Music: Strauss's Last Premiere


Danaë had special significance for Salzburgers. Eight years ago, after the Allies had landed in Normandy and Hitler's Reich was girding for its last stand, all theaters were ordered closed and the Salzburg performances canceled. But as a concession to Strauss's great prestige, Goebbels authorized a single "dress rehearsal for technicians," of the composer's new opera. Next day, several members of the cast were handed rifles and drafted into the last-ditch Volkssturm army.

Epoch's End. Answering the thunderous ovation that followed that wartime performance, Strauss himself appeared, choked back his tears and spoke: "With this opera ends an epoch in the European theater of our time. My life is over." He said he hoped Danae would next be produced long after the war, "when people are in the mood again to see an opera about gods and goddesses."

Strauss died in 1949, five years after the war's end. Perhaps last week's performance came too soon: the audience seemed only mildly impressed, the applause was almost perfunctory. True, the music had its passages of Strauss lyricism, and Conductor Clemens Krauss made the most of them. But the score bore little resemblance to the lilting Rosenkavalier or the passionate Salome: it was closer to the allegorical Frau ohne Schatten or Die Aegyptische Helena of the composer's later years, and it sometimes made unreasonable vocal and emotional demands on the singers. Its story, a retelling of how Jupiter wooed the nymph Danae, was a hodgepodge of myth and fiction.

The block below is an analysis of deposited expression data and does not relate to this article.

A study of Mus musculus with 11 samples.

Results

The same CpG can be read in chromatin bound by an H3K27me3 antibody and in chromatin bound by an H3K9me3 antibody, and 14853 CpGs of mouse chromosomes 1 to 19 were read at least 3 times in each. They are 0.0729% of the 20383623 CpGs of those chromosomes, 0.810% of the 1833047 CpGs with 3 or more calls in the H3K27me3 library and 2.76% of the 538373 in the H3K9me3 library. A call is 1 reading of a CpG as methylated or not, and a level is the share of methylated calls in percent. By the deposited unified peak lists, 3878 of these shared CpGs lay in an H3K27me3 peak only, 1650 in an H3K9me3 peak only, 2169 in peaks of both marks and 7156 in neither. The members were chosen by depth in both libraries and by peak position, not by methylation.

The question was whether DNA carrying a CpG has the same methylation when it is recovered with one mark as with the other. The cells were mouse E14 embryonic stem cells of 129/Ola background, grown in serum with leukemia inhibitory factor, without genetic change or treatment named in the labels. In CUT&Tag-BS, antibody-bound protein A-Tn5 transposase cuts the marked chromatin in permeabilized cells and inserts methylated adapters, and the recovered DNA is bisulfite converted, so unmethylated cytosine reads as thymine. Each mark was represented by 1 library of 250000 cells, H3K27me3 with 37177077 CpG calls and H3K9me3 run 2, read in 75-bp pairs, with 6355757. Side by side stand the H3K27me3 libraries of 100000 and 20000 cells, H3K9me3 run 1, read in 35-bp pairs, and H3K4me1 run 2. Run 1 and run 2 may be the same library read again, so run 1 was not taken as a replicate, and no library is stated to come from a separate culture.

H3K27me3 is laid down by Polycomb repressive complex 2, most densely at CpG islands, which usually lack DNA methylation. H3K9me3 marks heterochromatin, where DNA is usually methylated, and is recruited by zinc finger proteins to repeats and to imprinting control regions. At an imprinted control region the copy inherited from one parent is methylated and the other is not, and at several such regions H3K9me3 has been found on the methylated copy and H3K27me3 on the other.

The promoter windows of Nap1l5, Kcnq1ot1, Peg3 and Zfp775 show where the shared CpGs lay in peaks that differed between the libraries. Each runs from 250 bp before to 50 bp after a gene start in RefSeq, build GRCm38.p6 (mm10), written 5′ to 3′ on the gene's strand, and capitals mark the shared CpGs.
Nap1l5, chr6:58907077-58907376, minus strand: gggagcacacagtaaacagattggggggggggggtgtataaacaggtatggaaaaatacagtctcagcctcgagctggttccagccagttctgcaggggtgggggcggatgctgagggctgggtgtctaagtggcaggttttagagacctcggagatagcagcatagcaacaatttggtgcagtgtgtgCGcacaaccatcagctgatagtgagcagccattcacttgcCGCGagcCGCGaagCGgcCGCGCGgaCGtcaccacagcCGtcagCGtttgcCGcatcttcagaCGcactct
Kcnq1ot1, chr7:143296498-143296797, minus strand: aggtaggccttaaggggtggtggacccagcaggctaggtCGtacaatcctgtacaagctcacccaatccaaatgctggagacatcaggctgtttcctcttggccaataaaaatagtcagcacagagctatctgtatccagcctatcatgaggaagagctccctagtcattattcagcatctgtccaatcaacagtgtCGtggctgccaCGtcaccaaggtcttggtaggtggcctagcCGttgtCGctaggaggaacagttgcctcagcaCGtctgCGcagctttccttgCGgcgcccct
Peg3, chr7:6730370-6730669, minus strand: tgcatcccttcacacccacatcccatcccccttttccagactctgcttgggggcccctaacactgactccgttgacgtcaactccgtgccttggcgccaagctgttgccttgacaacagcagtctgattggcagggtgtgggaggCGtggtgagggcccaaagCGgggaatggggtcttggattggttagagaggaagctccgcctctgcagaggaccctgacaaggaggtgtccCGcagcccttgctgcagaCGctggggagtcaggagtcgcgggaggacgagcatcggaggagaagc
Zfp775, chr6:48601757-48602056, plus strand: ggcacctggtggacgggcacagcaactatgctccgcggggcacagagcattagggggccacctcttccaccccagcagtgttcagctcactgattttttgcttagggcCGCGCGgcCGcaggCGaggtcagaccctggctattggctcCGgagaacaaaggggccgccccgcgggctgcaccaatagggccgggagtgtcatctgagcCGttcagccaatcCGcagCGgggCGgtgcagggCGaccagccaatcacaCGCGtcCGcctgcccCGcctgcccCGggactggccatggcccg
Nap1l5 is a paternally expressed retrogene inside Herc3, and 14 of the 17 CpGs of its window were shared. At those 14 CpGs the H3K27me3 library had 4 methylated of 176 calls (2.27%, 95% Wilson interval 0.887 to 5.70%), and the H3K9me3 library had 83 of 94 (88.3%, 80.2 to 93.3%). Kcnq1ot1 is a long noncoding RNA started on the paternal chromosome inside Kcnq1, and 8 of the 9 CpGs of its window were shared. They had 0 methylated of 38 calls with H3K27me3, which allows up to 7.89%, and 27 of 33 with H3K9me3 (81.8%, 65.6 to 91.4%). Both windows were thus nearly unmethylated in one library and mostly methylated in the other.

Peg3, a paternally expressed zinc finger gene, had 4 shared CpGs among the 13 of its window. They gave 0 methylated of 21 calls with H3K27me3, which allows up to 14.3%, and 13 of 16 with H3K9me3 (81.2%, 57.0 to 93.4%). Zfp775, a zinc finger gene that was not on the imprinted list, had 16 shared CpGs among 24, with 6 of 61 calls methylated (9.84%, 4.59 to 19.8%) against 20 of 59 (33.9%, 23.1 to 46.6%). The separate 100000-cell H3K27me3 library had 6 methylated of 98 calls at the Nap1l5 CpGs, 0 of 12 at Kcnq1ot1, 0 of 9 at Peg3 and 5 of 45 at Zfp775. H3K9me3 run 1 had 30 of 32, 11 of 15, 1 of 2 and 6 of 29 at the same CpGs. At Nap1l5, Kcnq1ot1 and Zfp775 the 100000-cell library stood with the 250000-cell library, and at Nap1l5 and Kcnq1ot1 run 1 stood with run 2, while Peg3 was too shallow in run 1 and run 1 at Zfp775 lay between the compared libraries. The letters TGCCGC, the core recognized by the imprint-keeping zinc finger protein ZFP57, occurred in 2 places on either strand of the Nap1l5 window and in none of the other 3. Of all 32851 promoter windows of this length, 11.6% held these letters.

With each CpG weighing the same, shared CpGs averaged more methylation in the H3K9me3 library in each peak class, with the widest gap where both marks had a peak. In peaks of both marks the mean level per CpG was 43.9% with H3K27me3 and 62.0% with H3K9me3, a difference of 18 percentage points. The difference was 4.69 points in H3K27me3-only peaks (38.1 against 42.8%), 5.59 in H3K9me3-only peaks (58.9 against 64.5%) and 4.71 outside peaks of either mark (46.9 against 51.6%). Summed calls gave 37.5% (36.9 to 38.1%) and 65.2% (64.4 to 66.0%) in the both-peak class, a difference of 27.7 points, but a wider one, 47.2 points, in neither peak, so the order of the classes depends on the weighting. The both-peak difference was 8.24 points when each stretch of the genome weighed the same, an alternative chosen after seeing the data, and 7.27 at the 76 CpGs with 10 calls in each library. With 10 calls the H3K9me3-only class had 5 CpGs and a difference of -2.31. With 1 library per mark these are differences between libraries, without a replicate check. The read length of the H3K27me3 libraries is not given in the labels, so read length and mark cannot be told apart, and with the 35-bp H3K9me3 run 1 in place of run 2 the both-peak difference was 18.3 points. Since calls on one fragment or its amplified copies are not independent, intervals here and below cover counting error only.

Summing Up. With its suspenseless and irrelevant plot, Danae probably has little chance of repertory performance outside Germany or Austria. But the production, with its gilt-encrusted costumes and scenery, and its overflow audience, neatly summed up the Salzburg of 1952.

Other festival cities this year, notably Bayreuth and Munich, bid high for top-notch soloists. Salzburg, apparently confident that the Vienna Opera was the world's best, simply transplanted it for the festival season, and booked only two big outside stars: the Metropolitan Opera's Baritone George London (a commanding Count Almaviva in The Marriage of Figaro) and Tenor Ramon Vinay (in Otello). Salzburg's musical stalwarts of other years (Bruno Walter, Arturo Toscanini) were absent. But the hall was fuller than ever and Salzburg had its most profitable season since the war.